By this time next week, we'll know what General Petraeus and Ambassador Crocker have to say to Congress - their testimony begins on Monday, September 10th, before a joint meeting of the House Armed Services and Foreign Relations Committees. The next day, they appear before the counterpart committees in the Senate (I just came out of a meeting to plan coverage - what do we carry live, do we offer a produced, one hour "wrap" of the days events in the evening... how do we co-ordinate coverage with other shows, etc).
But at least the outlines of the presentations to Congress and the formal report required by September 15th are already clear - the General and the administration will argue that there's been some important success militarily, and that while political progress may not be all we might hope, it would be foolish to risk hard-won gains by starting to withdraw American forces and redefining the US role in Iraq. Critics, of course, will focus on the lack of political progress - wasn't the point of the effort to provide a breathing space for politics to move ahead? - on the ephemeral nature of reported military gains, the continued, bloody toll on all sides, the enormous expense, and the opinion polls.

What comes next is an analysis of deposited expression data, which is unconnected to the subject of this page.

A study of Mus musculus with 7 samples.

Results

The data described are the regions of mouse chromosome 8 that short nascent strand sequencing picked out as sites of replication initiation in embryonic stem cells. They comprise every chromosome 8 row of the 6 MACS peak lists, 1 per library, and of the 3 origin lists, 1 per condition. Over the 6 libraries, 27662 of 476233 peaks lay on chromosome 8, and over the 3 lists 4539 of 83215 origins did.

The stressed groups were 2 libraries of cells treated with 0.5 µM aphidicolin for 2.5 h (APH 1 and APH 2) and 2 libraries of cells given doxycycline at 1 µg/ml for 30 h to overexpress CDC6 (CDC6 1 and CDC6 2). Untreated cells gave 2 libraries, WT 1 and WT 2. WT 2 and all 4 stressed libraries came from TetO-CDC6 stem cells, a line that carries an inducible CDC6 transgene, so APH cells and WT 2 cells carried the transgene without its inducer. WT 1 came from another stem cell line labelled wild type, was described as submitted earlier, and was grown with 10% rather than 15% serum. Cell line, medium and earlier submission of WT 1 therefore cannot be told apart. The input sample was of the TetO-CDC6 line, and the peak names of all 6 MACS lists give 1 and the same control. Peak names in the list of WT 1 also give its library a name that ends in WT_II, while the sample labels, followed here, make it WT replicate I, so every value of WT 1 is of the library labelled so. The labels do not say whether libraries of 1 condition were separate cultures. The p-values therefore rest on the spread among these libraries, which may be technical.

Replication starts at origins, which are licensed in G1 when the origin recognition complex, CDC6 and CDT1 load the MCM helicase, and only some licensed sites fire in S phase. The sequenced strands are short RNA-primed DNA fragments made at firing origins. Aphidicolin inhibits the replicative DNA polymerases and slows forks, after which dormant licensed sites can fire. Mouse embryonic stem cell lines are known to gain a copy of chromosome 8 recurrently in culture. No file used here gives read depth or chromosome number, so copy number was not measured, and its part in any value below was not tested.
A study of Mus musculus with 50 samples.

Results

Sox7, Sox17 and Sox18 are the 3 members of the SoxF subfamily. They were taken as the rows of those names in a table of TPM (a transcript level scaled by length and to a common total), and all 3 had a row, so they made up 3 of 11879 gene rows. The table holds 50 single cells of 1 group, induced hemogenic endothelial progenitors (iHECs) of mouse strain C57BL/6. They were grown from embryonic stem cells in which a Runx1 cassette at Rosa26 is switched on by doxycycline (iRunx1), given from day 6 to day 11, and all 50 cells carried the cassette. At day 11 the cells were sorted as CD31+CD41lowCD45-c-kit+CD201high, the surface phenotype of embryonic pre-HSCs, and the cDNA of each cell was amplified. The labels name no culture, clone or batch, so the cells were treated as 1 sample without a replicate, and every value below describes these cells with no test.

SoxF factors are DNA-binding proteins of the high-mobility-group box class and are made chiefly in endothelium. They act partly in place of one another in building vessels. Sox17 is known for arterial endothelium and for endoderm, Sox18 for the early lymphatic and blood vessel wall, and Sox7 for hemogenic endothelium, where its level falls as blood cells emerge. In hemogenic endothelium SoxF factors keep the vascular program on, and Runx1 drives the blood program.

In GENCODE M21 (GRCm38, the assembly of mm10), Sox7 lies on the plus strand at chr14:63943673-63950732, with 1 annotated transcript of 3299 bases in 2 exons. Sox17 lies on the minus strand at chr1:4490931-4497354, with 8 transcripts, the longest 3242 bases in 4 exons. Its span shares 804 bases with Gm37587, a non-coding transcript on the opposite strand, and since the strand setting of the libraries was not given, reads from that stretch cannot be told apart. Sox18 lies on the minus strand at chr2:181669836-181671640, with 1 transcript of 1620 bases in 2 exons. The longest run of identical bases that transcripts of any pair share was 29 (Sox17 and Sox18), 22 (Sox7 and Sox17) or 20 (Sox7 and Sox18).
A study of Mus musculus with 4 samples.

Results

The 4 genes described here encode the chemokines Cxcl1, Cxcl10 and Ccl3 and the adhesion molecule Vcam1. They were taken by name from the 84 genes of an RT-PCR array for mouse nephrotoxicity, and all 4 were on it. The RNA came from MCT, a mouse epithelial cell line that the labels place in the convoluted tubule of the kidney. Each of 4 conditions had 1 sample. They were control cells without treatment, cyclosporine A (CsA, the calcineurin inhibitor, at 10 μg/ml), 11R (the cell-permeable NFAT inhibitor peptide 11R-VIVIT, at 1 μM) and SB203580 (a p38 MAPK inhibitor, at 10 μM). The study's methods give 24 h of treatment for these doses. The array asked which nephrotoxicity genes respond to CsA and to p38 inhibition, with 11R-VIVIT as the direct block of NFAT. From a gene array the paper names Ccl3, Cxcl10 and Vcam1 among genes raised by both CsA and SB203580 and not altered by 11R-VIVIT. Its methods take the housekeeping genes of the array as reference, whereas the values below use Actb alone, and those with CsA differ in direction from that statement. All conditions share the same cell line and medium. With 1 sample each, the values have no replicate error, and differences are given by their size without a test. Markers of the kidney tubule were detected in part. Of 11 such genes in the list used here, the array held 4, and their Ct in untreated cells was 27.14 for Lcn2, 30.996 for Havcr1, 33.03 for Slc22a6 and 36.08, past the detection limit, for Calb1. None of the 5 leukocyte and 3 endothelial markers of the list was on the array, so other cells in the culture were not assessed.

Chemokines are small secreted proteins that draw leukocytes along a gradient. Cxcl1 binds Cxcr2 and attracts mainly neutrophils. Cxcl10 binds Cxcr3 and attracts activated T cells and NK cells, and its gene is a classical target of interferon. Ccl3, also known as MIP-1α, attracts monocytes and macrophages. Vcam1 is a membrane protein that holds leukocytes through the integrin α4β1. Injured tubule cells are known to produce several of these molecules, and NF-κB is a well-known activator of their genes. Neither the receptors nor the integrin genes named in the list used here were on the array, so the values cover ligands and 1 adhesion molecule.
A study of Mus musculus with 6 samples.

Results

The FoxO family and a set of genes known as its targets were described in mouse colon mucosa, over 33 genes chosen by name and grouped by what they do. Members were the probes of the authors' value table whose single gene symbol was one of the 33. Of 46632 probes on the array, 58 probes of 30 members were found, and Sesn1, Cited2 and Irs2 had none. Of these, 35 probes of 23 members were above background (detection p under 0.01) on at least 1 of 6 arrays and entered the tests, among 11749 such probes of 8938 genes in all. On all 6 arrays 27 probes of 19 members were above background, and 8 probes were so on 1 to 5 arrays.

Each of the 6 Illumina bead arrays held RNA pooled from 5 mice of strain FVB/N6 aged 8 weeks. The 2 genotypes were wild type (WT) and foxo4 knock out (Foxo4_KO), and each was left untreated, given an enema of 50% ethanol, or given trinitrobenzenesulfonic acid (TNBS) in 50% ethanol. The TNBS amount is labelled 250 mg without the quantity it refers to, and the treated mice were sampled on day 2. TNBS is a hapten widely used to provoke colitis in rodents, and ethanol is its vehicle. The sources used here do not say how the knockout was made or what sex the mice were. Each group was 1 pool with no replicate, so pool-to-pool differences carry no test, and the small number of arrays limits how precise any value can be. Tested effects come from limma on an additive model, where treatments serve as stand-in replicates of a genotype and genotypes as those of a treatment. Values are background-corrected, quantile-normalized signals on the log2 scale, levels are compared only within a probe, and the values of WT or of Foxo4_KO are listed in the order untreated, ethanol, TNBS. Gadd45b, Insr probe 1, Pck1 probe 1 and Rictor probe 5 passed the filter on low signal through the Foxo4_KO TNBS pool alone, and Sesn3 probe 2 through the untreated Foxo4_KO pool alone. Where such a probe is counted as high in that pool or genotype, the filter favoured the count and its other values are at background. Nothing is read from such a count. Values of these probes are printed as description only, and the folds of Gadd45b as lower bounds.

Today, we'll try to answer your questions a week ahead of the testimony - our guests are Jack Keane, a retired four star general and an adviser to General Petraeus, and military expert Anthony Cordesman, an independent analyst who's been critical of administration policy.
Whether you're a skeptic, a believer, or just confused, we need your questions - how do we measure progress? How are we doing against al-Qaida in Iraq? How real is the change of heart by Sunni tribes in Anbar province? Is it possible the US is arming and training both sides for a civil war yet to come? Does any of this matter if the Iraqi government is dysfunctional? What about fighting among the Shiia?